Microsoft supports continuing work toward a Do Not Track standard
Posted by Brendon Lynch
Chief Privacy Officer, Microsoft
Our customers expect strong privacy protections to be built into Microsoft technologies, so we make privacy a priority. Our inclusion of Do Not Track (DNT) in Internet Explorer 10 and Internet Explorer 11 is an example of how we strive to meet these expectations.
We believe DNT holds potential to help people better manage their privacy online. However, until stakeholders collectively agree on what DNT means and how websites should respond to the DNT signal, its promise will not be fully realized. Microsoft has been steadfastly committed to and engaged in the W3C's Tracking Protection Working Group’s efforts to define a DNT standard. Developing standards that work across an entire industry is often difficult, but the benefits make the effort worthwhile.
The W3C asked Tracking Protection Working Group members to respond to a public online poll by Wednesday. The purpose of the poll is to help the Working Group chairs determine how and whether to proceed with DNT standards work; members may vote for more than one option and submit comments for consideration by the chairs. Our public comments can be found below.
Microsoft supports continuing work toward a DNT standard and we hope the representatives of all the other parties that make up the Working Group will do the same. A final, meaningful DNT standard will help build greater trust across the Internet ecosystem, and we look forward to continue working together to achieve this goal.
Here are our public comments:
The Microsoft participants in the TPWG believe that Options 1 and 2 provide the best path forward for the TPWG, while being open to Option 3 as a practical measure given the current status of TPE and Compliance specifications.
Microsoft’s customers expect strong privacy protections to be built into our technologies, and we believe that DNT holds potential to help them better manage their online privacy. However, until stakeholders collectively agree on what DNT means and how it should be implemented, its promise will not be fully realized.
From the beginning of this TPWG process, and now with all major browsers offering users the ability to send DNT signals, there has been broad consensus that it is important to be able to explain the meaning of DNT to users in a consistent manner. In order to accomplish this, the interdependencies between TPE and Compliance documents must be aligned. In practice, this means that they should progress to CR and the corresponding call for implementations simultaneously. This rules out option 4. Since the TPE document appears to be further along, Microsoft can live with an earlier Last Call for TPE (option 3) to give more time for comments. This will be more successful if the dependencies between the documents are more clearly articulated in the TPE spec first.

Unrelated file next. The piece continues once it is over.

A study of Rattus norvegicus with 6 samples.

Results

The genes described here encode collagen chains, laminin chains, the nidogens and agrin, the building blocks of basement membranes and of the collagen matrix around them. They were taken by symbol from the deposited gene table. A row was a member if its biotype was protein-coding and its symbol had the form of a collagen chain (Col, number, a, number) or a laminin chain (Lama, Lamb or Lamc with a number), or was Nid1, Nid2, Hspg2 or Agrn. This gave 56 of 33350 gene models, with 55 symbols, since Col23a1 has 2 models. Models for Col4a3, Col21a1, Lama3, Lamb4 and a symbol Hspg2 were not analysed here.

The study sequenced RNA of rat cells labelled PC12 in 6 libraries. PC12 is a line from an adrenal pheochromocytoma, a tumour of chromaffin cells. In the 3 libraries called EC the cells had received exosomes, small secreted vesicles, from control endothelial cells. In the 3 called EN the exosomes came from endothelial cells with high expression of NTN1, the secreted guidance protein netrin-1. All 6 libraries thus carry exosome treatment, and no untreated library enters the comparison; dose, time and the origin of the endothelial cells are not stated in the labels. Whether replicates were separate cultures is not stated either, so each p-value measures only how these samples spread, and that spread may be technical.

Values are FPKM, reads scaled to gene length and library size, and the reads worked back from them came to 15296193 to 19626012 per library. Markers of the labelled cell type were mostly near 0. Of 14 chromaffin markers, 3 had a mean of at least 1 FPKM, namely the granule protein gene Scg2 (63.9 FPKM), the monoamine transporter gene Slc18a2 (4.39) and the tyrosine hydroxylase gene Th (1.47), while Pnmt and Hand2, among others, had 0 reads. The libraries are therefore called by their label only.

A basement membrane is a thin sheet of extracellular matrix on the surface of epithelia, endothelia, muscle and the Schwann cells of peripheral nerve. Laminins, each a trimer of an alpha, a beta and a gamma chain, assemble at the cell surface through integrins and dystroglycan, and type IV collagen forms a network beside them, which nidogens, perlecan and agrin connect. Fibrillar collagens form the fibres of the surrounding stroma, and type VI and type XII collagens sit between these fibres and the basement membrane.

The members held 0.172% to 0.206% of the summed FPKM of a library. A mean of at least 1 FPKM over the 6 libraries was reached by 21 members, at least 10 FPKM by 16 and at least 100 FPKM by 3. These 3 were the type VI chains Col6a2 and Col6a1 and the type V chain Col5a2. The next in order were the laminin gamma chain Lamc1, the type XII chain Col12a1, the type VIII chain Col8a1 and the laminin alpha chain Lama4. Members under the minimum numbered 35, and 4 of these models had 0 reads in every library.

At Microsoft, our preference is to work through the issues following the (long established but rarely practiced) working group decision policy . Members have already devoted substantial resources to identifying specific Change Proposals during the summer, and members have continued to submit specific text proposals more recently in alignment with the call to raise and document issues by mid-October. We should work through these Change Proposals via the decision policy. We felt that this process worked well in settling highly contentious issues in the HTML Working Group from which some of the principles were drawn. Further, we believe that it is important to adopt a predictable work schedule that also echoes the HTML WG style: once an issue enters the process for consideration and filing of counter proposals, there are clear predictable deadlines that avoid surprising members of the group. As part of that process, we acknowledge that members may identify issues that should be deferred to DNT 2.0, but we are concerned that attempting to identify topics for DNT 2.0 planning in advance will slow down substantive discussions.
Following the decision policy will be key to implementing the proposed plan (option 1) and it is important that everybody understands this process. In the HTML WG, there was the opportunity for people to raise issues and seek clarifications against the decision policy, and this helped to refine both the description of the process and its implementation. One recommendation we have is to invite the HTML WG chairs to a TPWG telcon to discuss their experience with the HTML WG process and to answer any questions members have.
A final, meaningful DNT standard will help build greater trust across the Internet ecosystem and we look forward to continue working together to achieve this goal.